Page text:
Halloween and All Saints Day are upon us which makes me think about how much I love cemeteries. When we travel I go out of my way to visit them and photograph the tombstones, the flowers, the landscape. I wonder: was the long life well lived? Was the short life well grieved? I like being reminded that I’ll be along at some point, so I mustn’t waste a moment. I come away inspired
The exception is war cemeteries. Once there I immediately feel depressed and hopeless. My throat gets tight and suddenly there is a hockey puck sitting in my stomach. I can’t take a deep breath.
When we were in Washington D.C., Wes wanted to see all the war memorials and Arlington cemetery. I said okay, but no to the Vietnam Memorial because I’d been there before and couldn’t stop crying. And I insisted that we walk all the way from Dupont Circle (about 4 miles) because I knew that would be the only redeeming thing for me. I was right.
At the World War I memorial, the World War II memorial, the Korean War memorial, the Lincoln memorial, the rippling pond at Bobby Kennedy’s grave, the eternal flame at the Kennedy grave and especially at all the military graves in Arlington, I cried.
I kept thinking, “What a waste.”
I know many say, “But we are free because of these dead!”
And I thought, “There has to be a better way. You want X, but I want X. If you are dead, then I can have X.” That’s basically it, right? Isn’t there a peaceful way to deal with that?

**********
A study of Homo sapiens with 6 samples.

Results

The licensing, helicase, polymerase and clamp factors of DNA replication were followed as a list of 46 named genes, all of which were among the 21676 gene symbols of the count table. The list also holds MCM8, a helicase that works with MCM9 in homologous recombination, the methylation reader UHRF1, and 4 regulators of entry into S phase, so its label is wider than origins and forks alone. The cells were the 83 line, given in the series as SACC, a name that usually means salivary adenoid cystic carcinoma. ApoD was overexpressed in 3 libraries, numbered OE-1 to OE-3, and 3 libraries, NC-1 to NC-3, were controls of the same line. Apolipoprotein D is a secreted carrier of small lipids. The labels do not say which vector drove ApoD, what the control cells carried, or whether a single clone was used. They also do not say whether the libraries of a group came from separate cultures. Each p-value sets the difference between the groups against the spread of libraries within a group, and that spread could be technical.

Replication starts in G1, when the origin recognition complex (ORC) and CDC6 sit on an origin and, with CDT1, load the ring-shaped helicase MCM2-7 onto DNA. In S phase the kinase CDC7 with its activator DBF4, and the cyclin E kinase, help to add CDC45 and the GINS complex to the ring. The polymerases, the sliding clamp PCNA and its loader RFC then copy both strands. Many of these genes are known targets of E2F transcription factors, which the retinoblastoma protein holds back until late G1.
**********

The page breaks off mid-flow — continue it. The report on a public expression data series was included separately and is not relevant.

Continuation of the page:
Sexism alert! I said to Wes, “The bottom line is that war is about young people dying because of arrogant, power hungry men.”
If women ruled the world would it be different? I doubt the majority of mothers enjoy sending their children off with the possibility not only of death, but of returning permanently damaged—not just their bodies, but also their spirits.
But what about fighting against oppression? Are we supposed to let evil dictators rule? Should we still have slavery? Genocide? Hunger?
Somewhere at Arlington cemetery there is a stone wall with a quote from Aeschylus and it was something about “look within and tame our own savage beast.”
So perhaps I am wrong. Maybe the bottom line is that war is about dealing with the dark, selfish, I-perceive-myself-separate side of humanity. The side that says, “I am better than you. I should get what I want. I will kill you to get it.”
This is the side that is within each one of us. And if you don’t think you have a dark side, I invite you to remember how you felt the last time someone cut you off in traffic or they made you check your carry-on and then put you in a middle seat; or a teacher yelled at your kid and made her cry.
I walked around Arlington thinking about the savage beast, the dark side within. I also thought about the Light within. I looked at those thousands of grave stones and wondered about the Light these men and women carried. What cure, what music, what art, what poetry, what invention, what idea did the world miss because they were gone too soon?
I overheard a tour guide talking about “all the heroes buried here.”
I’ll tell you who my real hero is. My hero is the one who can see a better way. My hero is the one who prevents the war before it can begin. My hero is the one who can tame the savage beast within.